The Ninth Circuit Addresses NEPA’s Goldilocks Problem: How Many Alternatives Are Just Enough?

One of the critical elements of NEPA is that project proponents must assess the feasibility and impacts of not only the preferred alternative, but also a range of alternatives.  However, there is a tension in NEPA, because it is widely understood that the proponent, and not either courts or opponents, get to define its own project.  On the other hand, the proponent may not define the project so narrowly that its preferred alternative is the only one remaining.

Earlier this week, in v. Federal Transit Administration, the 9th Circuit Court of Appeals addressed this tension and made clear that the project proponent still holds most of the cards; so long the proponent does not manipulate the analysis to eliminate all other alternatives, a court is likely to defer to the proponent’s analysis of the project’s purpose and need.  As the Court described the issue:

Agencies enjoy “considerable discretion” in defining the purpose and need of a project, but they may not define the project’s objectives in terms so “unreasonably narrow,” that only one alternative would accomplish the goals of the project.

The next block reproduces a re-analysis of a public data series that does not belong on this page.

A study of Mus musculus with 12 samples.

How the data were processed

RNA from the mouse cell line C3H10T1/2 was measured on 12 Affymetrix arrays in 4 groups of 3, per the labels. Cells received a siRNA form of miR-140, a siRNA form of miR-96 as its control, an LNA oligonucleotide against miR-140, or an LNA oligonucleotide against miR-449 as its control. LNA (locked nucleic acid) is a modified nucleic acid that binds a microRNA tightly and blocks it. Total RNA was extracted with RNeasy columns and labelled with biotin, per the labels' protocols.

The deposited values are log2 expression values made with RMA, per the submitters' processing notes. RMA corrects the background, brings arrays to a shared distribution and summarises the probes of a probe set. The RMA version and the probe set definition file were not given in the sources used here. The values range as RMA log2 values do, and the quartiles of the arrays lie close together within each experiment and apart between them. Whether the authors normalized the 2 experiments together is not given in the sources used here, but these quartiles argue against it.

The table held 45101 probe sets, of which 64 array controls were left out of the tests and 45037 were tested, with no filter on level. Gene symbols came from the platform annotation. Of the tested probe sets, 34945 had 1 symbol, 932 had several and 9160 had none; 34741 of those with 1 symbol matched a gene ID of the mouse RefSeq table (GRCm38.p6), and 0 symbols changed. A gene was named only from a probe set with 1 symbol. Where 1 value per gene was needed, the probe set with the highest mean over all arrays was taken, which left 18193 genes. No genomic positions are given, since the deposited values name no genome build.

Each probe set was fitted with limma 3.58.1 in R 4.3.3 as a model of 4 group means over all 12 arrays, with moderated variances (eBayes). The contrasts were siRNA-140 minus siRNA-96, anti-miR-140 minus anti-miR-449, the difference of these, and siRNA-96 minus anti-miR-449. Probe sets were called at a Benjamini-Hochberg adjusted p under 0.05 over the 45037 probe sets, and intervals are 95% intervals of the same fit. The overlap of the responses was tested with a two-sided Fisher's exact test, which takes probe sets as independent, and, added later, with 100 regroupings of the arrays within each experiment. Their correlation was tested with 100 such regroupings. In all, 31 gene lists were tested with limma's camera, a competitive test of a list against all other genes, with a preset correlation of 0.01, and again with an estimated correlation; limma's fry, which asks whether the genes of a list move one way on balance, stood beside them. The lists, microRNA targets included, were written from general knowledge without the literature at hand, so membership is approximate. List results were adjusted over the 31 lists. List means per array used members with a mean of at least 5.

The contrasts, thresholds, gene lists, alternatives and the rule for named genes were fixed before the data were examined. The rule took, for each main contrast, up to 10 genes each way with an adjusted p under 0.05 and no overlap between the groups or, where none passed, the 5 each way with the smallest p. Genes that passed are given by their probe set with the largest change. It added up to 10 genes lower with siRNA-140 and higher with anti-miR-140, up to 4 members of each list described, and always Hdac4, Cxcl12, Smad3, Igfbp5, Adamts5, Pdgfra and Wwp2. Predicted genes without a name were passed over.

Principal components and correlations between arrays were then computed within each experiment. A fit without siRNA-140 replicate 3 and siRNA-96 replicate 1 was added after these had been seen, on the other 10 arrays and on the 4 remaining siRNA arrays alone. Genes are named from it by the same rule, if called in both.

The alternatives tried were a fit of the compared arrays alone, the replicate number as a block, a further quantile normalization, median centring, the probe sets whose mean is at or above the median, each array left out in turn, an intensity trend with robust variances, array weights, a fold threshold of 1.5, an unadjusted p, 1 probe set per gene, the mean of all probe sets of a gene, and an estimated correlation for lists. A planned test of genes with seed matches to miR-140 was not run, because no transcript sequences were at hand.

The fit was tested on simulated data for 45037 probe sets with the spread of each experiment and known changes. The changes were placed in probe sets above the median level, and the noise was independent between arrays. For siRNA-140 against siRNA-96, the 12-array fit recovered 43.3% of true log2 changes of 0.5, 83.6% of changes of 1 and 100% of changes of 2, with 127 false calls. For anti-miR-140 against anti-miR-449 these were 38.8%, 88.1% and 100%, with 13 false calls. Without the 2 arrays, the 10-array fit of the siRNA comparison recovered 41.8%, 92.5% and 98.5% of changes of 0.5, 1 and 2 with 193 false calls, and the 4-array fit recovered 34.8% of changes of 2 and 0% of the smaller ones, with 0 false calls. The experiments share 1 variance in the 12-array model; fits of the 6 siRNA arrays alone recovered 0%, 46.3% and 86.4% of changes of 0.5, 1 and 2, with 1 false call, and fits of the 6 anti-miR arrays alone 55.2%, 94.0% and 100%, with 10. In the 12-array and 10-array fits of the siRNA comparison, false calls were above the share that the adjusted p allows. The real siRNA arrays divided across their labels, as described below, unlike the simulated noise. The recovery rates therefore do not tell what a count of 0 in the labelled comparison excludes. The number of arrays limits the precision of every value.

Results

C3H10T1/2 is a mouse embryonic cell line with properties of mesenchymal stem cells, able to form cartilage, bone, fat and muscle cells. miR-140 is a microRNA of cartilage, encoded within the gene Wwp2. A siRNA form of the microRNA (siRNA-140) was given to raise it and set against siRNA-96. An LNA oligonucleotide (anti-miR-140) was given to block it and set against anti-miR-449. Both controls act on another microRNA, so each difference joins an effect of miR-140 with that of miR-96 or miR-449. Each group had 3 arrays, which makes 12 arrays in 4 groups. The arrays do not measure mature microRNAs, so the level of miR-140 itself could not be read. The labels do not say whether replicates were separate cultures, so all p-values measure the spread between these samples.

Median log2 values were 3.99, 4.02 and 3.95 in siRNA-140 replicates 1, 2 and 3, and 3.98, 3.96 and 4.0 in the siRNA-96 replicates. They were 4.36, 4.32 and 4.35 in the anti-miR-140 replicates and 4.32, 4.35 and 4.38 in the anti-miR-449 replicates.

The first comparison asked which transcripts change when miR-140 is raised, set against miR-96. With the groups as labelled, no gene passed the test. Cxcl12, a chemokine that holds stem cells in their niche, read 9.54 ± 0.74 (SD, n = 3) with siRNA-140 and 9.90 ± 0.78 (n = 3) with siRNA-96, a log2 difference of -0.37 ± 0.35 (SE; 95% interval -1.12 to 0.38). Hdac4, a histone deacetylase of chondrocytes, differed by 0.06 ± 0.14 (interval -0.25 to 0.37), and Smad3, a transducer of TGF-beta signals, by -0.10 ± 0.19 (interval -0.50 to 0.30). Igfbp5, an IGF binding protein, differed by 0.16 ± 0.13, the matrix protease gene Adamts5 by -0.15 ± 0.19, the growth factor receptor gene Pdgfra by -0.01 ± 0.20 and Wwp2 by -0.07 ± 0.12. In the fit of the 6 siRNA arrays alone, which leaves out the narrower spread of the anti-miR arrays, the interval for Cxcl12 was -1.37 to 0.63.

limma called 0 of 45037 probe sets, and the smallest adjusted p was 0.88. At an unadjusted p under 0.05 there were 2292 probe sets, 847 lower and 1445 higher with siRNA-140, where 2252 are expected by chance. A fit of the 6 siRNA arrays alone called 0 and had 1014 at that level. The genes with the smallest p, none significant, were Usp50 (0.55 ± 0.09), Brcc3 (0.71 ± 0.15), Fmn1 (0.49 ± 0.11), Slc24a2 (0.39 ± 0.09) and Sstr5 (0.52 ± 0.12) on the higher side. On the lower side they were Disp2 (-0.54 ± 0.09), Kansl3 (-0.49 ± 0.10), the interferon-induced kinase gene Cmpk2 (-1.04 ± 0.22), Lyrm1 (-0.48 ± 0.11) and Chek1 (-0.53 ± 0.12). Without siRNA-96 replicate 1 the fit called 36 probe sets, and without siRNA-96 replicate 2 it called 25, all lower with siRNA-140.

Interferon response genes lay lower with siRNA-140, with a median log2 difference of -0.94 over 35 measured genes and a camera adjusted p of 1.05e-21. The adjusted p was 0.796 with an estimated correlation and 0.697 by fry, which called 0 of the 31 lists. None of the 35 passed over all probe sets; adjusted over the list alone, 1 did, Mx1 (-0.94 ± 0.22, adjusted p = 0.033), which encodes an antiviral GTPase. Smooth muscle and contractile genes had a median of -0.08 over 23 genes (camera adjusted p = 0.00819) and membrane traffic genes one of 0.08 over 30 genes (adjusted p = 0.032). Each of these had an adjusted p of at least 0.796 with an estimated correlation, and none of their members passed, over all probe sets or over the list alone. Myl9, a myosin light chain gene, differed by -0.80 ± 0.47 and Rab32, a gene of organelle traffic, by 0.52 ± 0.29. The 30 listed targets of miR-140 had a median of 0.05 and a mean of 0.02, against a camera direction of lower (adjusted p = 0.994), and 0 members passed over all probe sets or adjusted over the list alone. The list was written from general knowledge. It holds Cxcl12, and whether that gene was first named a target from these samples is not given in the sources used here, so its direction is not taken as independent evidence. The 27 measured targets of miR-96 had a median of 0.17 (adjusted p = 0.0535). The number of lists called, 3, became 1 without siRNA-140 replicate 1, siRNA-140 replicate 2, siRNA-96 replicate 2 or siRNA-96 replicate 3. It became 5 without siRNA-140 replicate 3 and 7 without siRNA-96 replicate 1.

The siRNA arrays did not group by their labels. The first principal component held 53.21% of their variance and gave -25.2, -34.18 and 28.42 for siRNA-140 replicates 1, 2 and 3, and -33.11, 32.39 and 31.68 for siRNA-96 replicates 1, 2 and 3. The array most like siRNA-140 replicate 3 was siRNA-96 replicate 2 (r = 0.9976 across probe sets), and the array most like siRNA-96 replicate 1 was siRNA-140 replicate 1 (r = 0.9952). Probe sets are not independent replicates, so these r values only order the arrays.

Here, the FTA described the purpose:

(1) “to provide high-capacity rapid transit in the highly congested east-west transportation corridor between Kapolei and University of Hawaii Manoa;” (2) “to provide faster, more reliable public transportation service in the study corridor than can be achieved with buses operating in congested mixed-flow traffic;” (3) “to provide reliable mobility in areas of the study corridor where people of limited income and an aging population live;” (4) “to serve rapidly developing areas of the study corridor;” and (5) to “provide additional transit capacity [and] an alternative to private automobile travel, and [to] improve transit links within the study corridor.”

The court concluded that this statement of purpose was sufficiently broad so as not to foreclose all other alternatives.  Moreover, the Court also emphasized that the proponent has significant discretion in identifying alternatives that may achieve the project purpose.

An agency is under no obligation to consider every possible alternative to a proposed action, nor must it consider alternatives that are unlikely to be implemented or those inconsistent with its basic policy objectives.

Two final points.  First, the Court confirmed the proponent’s authority to rely on prior assessments in rejecting alternatives as infeasible.  Second, the Court made clear that the proponent is entitled to rely on its own experts; rejecting outside studies is not arbitrary and capricious if the proponent has a reasoned basis for doing so.

The primary lesson from the case?  Crafting the agency statement of purpose and need requires a very careful balance in order to ensure that the EIS can properly focus on reasonable alternatives without unduly narrowing those alternatives too early in the process.